By submitted, 03/19/18 9:12 AM

chamber banquet--gov. hutchinson


LITTLE ROCK – This week, I launched one of the most important initiatives of my administration, and one that will require much heavy lifting.

I have announced my plan to reorganize state government and to reduce the number of cabinet-level agencies in state government by 50 percent.

This is the most extensive transformation of state government since 1971, when Governor Dale Bumpers cut the number of major agencies from almost 60 to 13.

In the five decades since then, we have reversed course. The number of major agencies has increased to 42. I want to reduce the number to fewer than 20. To give you some perspective, the number of cabinet-level agencies in the federal government is only 15.

When you add in the more than 200 boards and commissions that have been created, we’re talking big government. Some students at the Sam M. Walton College of Business illustrated the size of our government in a memorable way. Matt Waller, dean of the college, had asked students to draw an organizational chart of Arkansas government. The chart was too big for one white board. In fact, the organizational chart went from one side of the room to the other.

From my first day in office, even before I saw the wall-to-wall graphic of our government, I have looked for ways to make government more efficient. As a result, we have combined some agencies and saved taxpayer dollars on rent and management.

But to truly reform the state, we needed a comprehensive plan. So in December 2016, I created the position of Chief Transformation Officer and appointed Amy Fecher to the job. Then in February 2017, I created the Transformation Advisory Board, which has spent the past year looking for ways to reduce government. This board is composed of volunteers from the private sector, legislators, and those experienced in state government. There was no cost to the state.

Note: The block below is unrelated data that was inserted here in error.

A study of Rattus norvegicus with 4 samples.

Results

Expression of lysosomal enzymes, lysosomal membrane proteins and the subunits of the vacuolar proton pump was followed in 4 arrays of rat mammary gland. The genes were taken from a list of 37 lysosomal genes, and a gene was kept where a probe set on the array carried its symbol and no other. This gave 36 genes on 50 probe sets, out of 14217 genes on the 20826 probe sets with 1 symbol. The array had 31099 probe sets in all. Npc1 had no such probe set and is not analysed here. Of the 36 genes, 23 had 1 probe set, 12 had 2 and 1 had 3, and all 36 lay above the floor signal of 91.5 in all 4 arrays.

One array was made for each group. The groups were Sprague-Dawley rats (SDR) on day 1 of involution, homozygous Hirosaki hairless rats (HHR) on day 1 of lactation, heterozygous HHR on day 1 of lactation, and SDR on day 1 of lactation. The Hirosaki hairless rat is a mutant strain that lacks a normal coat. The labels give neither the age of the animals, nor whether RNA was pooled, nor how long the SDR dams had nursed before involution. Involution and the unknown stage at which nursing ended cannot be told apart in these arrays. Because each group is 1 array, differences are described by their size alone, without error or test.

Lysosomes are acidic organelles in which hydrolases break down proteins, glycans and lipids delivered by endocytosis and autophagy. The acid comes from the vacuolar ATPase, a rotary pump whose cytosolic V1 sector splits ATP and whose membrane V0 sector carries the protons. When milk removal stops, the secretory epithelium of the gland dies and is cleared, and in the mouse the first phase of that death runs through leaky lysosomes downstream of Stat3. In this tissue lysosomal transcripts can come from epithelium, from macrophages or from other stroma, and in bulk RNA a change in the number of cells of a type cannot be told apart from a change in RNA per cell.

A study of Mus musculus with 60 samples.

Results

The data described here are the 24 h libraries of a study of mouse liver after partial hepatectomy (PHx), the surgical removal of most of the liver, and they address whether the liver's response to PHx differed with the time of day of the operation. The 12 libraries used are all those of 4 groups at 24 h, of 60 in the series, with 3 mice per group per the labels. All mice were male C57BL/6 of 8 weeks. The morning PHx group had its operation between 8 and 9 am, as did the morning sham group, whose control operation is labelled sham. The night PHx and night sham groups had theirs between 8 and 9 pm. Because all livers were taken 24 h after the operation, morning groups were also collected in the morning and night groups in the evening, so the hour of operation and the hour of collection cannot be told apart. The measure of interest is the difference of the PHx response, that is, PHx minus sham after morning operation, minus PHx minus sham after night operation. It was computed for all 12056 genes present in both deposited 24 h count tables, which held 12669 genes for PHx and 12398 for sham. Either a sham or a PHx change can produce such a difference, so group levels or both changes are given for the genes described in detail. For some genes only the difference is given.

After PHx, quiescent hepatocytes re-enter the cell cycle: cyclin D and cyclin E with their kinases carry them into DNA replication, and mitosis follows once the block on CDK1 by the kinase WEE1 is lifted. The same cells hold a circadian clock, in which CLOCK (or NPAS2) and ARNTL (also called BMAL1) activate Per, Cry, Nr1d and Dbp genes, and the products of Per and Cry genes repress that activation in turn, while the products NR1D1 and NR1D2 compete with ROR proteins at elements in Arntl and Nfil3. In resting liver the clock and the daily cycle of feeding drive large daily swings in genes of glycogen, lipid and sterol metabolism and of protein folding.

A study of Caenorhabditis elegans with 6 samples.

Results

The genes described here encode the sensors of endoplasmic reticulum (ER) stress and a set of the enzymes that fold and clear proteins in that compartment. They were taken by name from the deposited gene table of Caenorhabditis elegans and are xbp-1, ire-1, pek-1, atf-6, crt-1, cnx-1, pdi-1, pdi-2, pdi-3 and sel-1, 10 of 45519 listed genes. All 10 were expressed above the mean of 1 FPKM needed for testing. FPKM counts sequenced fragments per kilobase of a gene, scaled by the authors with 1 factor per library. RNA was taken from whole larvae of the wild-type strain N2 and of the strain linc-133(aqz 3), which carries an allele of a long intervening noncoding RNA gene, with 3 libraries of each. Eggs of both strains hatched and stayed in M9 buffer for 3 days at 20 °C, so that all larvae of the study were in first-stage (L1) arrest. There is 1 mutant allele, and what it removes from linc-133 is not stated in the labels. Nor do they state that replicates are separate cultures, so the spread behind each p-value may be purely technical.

The members of the board have done a good job. But their recommendations are just the beginning of a task that will require creativity, hard work, and a willingness to do things differently.

The work starts now, and with the board’s guidance, and ideas from legislators and any Arkansan who wants to offer an idea, we are going to redouble our efforts to reduce the number of cabinet-level agencies to fewer than 20.

If I had any doubt that our bureaucracy was too big, some interns in our office laid that to rest. Members of my staff had heard complaints that the executive director of one agency wasn’t showing up for work. The director did not return phone calls to my staff. So we put a couple of interns on the case. They couldn’t even find the director when they visited the office in person. When my staff told me about this director, I had never even heard of the agency. That’s pretty good evidence of the need for reform.

And that will change. Over the next months, we will assess the needs, always remembering the human factor. We don’t plan to lay off state employees. We will reduce the payroll as employees take other opportunities or retire.

Over the next months, we will shape the best thinking into ideas for our legislators for the 2019 General Assembly. This overhaul is overdue, and it is a necessary step to responsible government. I am grateful for my partners in pursuing this.